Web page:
Millennials continue to be a complexing generation of consumers who advertisers and producers alike struggle to identify with. They are forcing innovation. They want convenience, they want connectivity, they want control and customization, and they want it now. The latest sector racing to catch up to them? Sports.
The New Sports Fan
In the past, when you went to a live sporting event, it had a monopoly on your attention. You focused on it. You lived it. You were in the moment, feeling it and taking it in.
But today’s sports fan is younger, and hyperconnected. They’ve become accustomed to having another world at their fingertips. They may be present, but with a swipe of a finger their attention can be diverted to a thousand other bits of information. And they want to share. They want to show others firsthand how their experience is, and are eager to compare theirs to everyone else’s.
Which is why at some college sporting events in the United States, young fans have reportedly left at halftime when they were unable to connect to internet and upload photos to Instagram or Twitter.
In order to retain the younger consumer, sports teams are realizing not only do they have to give their consumers connections, they have to digitally enhance their experience. With 57% of fans preferring the comfort and connectivity of their homes for watching games, stadiums are being forced to digitally innovating the live experience to attract the Millennial consumer.
Connection is Key
The first innovation needed: free WiFi connection.
To the Millennial, WiFi is a necessity. One in three college students feel WiFi is just as important as air, water, food, and shelter.
Sports stadiums are recognizing the demand. The National Football League (NFL) mandated that all its stadiums should have free WiFi available to spectators by the 2016 season. US football stadiums are spending as much as $6.5 million to provide free WiFi to fans. In Major League Baseball (MLB) 12 of 30 stadiums are offering WiFi, and that number is expected to increase.
Better Experience? There’s an app for that.
Stadiums are also trying to make their experience unique for the fans. To do so, many sports stadiums are developing apps enhance the experience.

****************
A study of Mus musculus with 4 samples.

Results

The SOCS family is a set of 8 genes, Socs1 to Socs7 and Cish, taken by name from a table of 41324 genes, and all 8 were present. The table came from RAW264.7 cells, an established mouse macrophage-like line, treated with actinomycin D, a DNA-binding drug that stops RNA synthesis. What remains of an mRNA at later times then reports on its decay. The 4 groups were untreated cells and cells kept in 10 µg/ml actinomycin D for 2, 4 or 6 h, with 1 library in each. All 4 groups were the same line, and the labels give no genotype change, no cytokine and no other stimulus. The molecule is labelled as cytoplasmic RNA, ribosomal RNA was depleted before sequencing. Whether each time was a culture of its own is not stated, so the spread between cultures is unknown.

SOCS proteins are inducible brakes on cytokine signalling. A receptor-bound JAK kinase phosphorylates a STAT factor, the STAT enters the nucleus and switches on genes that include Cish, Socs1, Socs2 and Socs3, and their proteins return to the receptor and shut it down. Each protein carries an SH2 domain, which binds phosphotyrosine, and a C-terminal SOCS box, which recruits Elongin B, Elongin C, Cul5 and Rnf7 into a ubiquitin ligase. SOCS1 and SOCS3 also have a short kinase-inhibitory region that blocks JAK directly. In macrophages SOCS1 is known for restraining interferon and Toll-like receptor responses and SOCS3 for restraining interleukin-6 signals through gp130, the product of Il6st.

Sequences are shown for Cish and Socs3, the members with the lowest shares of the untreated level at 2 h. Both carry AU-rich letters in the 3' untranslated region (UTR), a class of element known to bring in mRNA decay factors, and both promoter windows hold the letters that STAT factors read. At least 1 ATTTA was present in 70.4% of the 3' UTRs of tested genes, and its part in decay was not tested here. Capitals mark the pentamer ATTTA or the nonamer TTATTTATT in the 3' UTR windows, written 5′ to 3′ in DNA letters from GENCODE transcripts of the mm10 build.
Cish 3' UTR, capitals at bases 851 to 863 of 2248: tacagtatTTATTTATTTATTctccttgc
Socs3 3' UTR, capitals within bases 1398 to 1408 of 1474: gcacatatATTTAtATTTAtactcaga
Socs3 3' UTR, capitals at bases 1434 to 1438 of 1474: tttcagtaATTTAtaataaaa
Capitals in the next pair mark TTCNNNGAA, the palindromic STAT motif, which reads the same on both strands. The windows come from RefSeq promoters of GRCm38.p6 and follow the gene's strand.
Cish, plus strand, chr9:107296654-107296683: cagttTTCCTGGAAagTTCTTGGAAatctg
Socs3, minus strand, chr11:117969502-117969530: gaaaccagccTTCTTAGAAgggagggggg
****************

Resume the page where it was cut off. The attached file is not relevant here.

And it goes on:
At Levi’s Center in San Francisco, you’ll have an app to order food from your seat and have it delivered.Want help finding a parking spot? There’s an app for that. Sitting in a nosebleed seat and see an open one way down below? Have no fear, at the Barclays Center in New York (and many other stadiums) there is an app which lets you upgrade seats in the stadium at a discounted rate. In Gillete’s Stadium in Boston, there’s even apps which will tell you which bathrooms have the shortest line.
Extra Digital Dazzle
In addition to the game changing apps, stadiums are throwing in digital adornments wherever they can fit them. Stadiums are introducing ultra high definition screens. They’ve installed touch screen kiosks for fans to use.
One stadium even has cameras installed throughout the stadium which have the capability to capture all of the fans in the stadium at a single moment. They can then use an app to view their picture and see how people around the stadium reacted to a big play.
Will all the digitalization pay off for stadiums? So far, those who have installed high definition screens around the stadium have seen increases in advertising partnerships and revenue. With all the innovation, increases in attendance are sure to follow.
Coming To a Sports Stadium Near You?
Not only American stadiums are racing to digitalize. Connectivity is spreading across Europe. Several stadiums in England have already added free WiFi. Estadio de Santiago Bernabéu offers free WiFi. Maybe in the near future you’ll be comfortably watching your favorite team, having food delivered to you, and enjoying all the amenities the digital world has to offer you.